Twentieth Century Fox executives looked around in 2013 and decided it was finally time for the historic studio to get into the theme park business.
Fox had seen Disney and Universal expand into Japan and China, slowly conquering the globe with their resort businesses. So they came up with a bold idea to grab a piece of the international tourism market by licensing Fox IP — including “Ice Age” and “Planet of the Apes” — to local resort developers in Dubai and Malaysia.
The Dubai project had the good fortune never to get off the ground. But the Malaysian development — situated in a mountain resort complex an hour outside the country’s capital Kuala Lumpur — has become a world-class fiasco.
In a countersuit filed on Wednesday, Fox alleges that the project was doomed by Lim Kok Thay, the mercurial chairman of casino conglomerate Genting Malaysia Berhad. The suit, filed in U.S. District Court in Los Angeles, alleges that Lim routinely demanded changes to the park’s design, failed to properly manage the project, and ignored critical deadlines.
The result, Fox alleges, is a park that is years behind schedule and shoddily built. The suit claims that cars on some rides have bubbling paint, that one ride was built without an emergency exit, and that the parade floats were so wide that spectators would not fit on the sidewalk. A ride called “Scrat’s Nutty Adventure” was built with “visible patchwork on the mountain façade.” Fox officials were especially alarmed that Genting disregarded the “integrity of Fox’s IP,” for example by designing a cruise-ship style dance show featuring the creatures from “Alien” and “Predator.”
Fox also worried that Genting built a new floor on its adjacent mall, from which customers could see into the park without buying a ticket. Some park buildings were built too big or too small, requiring reconfiguration of rides to fit the space, the lawsuit states.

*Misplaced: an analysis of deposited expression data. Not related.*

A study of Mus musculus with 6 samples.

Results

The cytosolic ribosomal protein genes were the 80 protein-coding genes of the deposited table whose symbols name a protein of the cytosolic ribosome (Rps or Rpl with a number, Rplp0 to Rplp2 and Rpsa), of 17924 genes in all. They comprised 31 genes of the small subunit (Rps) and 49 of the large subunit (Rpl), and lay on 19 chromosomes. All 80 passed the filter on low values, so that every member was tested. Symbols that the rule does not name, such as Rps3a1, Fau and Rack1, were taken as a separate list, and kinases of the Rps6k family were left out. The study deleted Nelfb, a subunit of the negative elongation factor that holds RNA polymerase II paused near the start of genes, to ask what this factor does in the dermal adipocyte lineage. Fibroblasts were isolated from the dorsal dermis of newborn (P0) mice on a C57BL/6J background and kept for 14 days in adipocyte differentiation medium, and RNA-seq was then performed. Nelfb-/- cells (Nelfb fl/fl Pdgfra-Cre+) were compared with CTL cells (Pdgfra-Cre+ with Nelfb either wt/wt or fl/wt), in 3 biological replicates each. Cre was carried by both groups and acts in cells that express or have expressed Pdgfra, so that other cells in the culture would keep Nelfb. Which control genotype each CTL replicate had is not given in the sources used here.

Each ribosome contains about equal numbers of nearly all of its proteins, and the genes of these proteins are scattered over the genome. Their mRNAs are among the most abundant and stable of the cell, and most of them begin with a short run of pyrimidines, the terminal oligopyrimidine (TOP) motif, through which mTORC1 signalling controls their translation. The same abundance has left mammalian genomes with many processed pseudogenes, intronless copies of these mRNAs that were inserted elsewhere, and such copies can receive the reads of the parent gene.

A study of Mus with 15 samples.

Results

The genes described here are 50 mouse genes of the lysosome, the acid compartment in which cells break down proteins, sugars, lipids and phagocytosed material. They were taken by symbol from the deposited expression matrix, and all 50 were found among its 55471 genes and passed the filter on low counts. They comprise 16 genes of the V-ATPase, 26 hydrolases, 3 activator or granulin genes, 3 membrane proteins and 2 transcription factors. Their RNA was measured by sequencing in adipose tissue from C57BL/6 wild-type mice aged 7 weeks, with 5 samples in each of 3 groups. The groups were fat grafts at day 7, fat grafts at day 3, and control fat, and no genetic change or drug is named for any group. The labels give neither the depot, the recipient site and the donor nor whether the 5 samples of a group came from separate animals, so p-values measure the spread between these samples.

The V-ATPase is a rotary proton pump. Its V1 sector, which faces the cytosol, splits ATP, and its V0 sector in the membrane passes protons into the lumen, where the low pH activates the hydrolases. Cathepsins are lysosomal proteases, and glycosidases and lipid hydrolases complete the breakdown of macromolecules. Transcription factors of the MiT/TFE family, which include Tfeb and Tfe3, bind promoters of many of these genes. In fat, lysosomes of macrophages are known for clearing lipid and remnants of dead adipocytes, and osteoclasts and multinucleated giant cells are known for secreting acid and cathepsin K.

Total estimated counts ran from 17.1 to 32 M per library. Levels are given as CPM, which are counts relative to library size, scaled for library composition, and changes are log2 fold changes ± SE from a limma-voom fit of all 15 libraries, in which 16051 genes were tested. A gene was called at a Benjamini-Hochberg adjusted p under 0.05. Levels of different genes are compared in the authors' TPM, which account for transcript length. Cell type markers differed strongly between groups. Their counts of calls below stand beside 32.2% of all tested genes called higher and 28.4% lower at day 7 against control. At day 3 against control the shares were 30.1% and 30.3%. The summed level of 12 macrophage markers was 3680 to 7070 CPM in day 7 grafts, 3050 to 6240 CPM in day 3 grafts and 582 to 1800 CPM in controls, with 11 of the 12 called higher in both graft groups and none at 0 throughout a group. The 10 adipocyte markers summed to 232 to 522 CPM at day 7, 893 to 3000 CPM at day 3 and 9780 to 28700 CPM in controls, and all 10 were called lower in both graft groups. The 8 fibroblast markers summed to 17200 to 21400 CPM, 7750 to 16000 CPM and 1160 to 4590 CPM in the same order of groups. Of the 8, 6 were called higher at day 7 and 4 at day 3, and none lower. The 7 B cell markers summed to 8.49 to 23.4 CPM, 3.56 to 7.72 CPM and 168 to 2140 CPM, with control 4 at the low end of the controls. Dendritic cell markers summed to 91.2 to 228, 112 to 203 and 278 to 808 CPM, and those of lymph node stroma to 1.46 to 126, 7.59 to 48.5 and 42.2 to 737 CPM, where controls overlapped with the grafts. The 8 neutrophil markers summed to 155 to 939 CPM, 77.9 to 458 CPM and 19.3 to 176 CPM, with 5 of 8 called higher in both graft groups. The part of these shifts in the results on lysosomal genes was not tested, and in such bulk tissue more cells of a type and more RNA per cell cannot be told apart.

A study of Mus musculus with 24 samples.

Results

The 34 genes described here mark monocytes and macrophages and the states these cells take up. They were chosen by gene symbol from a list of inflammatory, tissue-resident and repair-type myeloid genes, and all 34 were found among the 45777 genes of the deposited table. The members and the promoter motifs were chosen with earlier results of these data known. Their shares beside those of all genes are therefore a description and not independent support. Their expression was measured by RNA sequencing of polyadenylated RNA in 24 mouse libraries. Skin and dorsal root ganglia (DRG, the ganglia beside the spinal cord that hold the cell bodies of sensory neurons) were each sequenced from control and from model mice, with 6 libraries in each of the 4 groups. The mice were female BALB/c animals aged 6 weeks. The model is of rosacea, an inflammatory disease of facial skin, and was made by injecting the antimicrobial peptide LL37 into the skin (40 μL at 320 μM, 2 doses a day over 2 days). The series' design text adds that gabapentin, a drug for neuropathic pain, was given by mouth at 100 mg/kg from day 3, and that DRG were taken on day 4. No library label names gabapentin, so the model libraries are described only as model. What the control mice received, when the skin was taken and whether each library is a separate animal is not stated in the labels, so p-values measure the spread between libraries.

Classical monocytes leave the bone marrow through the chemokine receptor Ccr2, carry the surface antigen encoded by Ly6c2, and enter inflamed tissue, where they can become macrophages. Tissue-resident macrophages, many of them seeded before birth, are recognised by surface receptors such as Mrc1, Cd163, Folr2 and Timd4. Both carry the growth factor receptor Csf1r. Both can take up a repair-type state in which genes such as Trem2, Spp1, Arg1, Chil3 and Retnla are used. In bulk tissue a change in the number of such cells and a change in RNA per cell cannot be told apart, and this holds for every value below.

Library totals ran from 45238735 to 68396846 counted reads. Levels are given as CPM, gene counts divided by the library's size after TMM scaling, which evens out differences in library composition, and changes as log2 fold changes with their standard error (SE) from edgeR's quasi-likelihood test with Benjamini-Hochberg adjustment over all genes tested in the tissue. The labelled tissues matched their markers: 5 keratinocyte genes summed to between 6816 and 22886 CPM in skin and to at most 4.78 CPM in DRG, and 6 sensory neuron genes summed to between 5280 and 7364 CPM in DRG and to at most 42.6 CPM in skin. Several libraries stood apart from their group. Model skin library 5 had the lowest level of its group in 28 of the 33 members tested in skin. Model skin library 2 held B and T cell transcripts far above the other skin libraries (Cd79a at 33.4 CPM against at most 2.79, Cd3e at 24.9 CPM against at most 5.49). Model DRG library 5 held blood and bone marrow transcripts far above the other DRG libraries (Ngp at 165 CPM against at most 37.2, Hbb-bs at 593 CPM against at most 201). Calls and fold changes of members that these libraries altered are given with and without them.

“Rather than ‘measure twice, cut once,’ Genting’s approach was essentially to cut without measuring at all, wait for someone to point out its errors, and then cut again and again until Genting either got it right or shrugged it off as close enough,” the lawsuit alleges. “Genting responded to Fox’s complaints by reassuring Fox that the build-and-then-wait-to-see-if-anyone-complains approach was standard local Genting construction practice.”
Fox officials felt that many of their objections were simply ignored. A creative manager for Genting confided to a Fox representative that the chairman “does not care about what Fox think(s); he will just slap it up and fight you later.”
Genting filed its own suit in November, alleging that Fox was trying to back out of the deal due to its merger with Disney. Genting claims that Disney does not want competition for its Shanghai theme park, and does not want to be in business with a gambling company. Genting also contends that it has already sunk $750 million into the park, and that the park was delayed due to Fox’s refusal to cooperate. Genting’s claim seeks more than $1 billion in damages.
In its countersuit, Fox denies those allegations. Fox says it has tried to find a graceful exit to avoid a disaster. One proposal would have involved Genting paying a gate royalty to Fox beginning this month, to compensate the studio for “the growing risk to its brand.” The second option would have allowed Genting to bring in other IP, and to remove the Fox name from the theme park.
Genting rejected both ideas, leading Fox to declare a default. The complaint seeks $46 million in royalties, fees, and travel reimbursements.
John Berlinski, an attorney representing Genting in the dispute, blasted Fox’s “incompetence.”
“Fox’s attempt to blame Genting is only to be expected and is designed to divert attention away from its own incompetence and inexperience,” Berlinski said. “Just two months before termination, Fox was more than willing to open Fox World, but only if Genting paid them well in excess of the amounts the parties originally agreed upon. Genting has a proven track record in delivering high quality world-class theme parks and will prove that Fox’s termination was both unfounded and improperly directed by Disney and Fox’s parent company, Twenty First Century Fox.”
In a quarterly report in December, Genting disclosed that it had filed suit, and said the litigation “is not expected to impact the Group’s current business operations.” Lim seemed unfazed by the whole thing, telling local media that the theme park is “very much part of our plans” and would be ready in early 2019.